Mounting concerns over supply and affordability are driving down consumers' home purchase decisions, according to the latest Fannie Mae Home Purchase Sentiment Index (HPSI).
The index dropped 0.5 points in June after reaching its survey high of 91.5 in May, the data indicated. This, despite an eight-percentage-point spike in consumer expectation of lower mortgage rates.
“Growing expectations that mortgage rates will remain steady suggest improved stability for housing affordability and helped keep the HPSI relatively flat this month, despite modest declines in other components,” said Doug Duncan, SVP and Chief Economist at Fannie Mae.
The HPSI for June indicated a four-percentage-point drop to 23% in consumer sentiment on "Good Time to Buy." Despite these dips, the overall HPSI remained slightly above (0.8 points) last year's June data.
The net share of those who said that now was a good time to sell remained unchanged at 43%, though this was four-percentage-points down compared to last year.
Consumer sentiment relating to home prices was also down eight-percentage-points compared to last year and decreased three-percentage-points month-over-month to 38%.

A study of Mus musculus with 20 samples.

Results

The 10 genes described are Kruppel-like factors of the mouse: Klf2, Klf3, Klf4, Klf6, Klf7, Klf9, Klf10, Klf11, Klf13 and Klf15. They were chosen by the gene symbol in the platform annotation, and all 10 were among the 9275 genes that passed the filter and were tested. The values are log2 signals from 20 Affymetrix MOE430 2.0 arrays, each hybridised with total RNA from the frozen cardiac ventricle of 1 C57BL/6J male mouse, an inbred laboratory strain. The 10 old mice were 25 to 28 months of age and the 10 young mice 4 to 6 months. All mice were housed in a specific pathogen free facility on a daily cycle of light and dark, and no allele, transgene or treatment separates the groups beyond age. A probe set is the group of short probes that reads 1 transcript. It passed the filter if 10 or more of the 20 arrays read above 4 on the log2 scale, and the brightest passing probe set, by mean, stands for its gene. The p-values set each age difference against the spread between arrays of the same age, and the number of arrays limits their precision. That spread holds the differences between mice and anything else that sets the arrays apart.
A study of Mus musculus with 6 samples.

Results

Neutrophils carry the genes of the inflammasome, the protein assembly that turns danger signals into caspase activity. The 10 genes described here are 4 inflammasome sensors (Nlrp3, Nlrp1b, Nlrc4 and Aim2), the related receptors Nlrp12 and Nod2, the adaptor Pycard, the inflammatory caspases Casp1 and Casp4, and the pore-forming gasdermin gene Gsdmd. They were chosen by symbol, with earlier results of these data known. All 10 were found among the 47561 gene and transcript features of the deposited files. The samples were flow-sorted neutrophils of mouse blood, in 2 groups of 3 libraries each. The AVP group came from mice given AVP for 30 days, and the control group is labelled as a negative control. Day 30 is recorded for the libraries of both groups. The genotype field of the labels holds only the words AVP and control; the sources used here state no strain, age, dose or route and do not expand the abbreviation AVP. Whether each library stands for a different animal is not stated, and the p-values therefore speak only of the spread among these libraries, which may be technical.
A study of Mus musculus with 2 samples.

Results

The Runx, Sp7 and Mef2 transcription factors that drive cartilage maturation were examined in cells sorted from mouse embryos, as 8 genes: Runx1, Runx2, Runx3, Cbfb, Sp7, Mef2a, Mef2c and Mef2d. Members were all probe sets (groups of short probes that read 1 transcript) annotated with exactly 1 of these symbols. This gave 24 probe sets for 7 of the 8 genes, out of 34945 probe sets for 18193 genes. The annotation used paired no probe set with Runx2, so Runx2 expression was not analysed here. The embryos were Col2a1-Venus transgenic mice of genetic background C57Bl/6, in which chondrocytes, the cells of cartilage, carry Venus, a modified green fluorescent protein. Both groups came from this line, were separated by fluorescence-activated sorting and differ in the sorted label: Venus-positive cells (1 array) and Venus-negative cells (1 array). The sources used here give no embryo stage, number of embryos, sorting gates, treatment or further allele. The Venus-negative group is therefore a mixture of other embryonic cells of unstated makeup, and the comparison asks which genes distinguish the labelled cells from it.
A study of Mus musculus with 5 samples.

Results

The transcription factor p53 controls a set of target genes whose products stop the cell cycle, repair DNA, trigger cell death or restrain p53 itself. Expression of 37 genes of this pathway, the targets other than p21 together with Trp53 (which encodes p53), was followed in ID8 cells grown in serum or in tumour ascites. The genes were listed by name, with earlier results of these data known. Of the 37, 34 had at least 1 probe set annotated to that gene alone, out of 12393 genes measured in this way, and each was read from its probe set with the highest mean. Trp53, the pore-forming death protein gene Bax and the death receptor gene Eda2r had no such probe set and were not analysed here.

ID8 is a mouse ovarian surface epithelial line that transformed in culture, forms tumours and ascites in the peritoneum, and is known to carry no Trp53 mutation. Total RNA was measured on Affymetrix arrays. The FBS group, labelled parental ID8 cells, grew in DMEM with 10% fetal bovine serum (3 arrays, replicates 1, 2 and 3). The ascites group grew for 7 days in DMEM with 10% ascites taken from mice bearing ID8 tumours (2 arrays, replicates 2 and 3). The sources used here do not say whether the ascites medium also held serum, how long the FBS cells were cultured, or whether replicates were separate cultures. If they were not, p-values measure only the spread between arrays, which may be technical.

According to Duncan, the June home purchase sentiment was also driven by regional housing trends. “Regional variations in housing optimism appear to be tied to a divergence in housing affordability; for example, home purchase sentiment is higher in the Midwest and South than in the West and, to a lesser extent, the Northeast, where the lack of entry-level inventory and the resultant strong price appreciation has had a more profound impact on affordability,” he noted. “With fewer consumers expecting rates to jump back up–thereby creating less urgency to buy now–we expect housing market activity to remain stable.”
Looking at wider economic indicators that typically impact housing, the HPSI data indicated that the share of Americans who said they were not concerned about losing their job decreased three-percentage-points to 73%. This component is down three-percentage-points from last year. Similarly, the share of those who said that their household income was significantly higher compared to last year dipped a percentage point to 20%, month-over-month.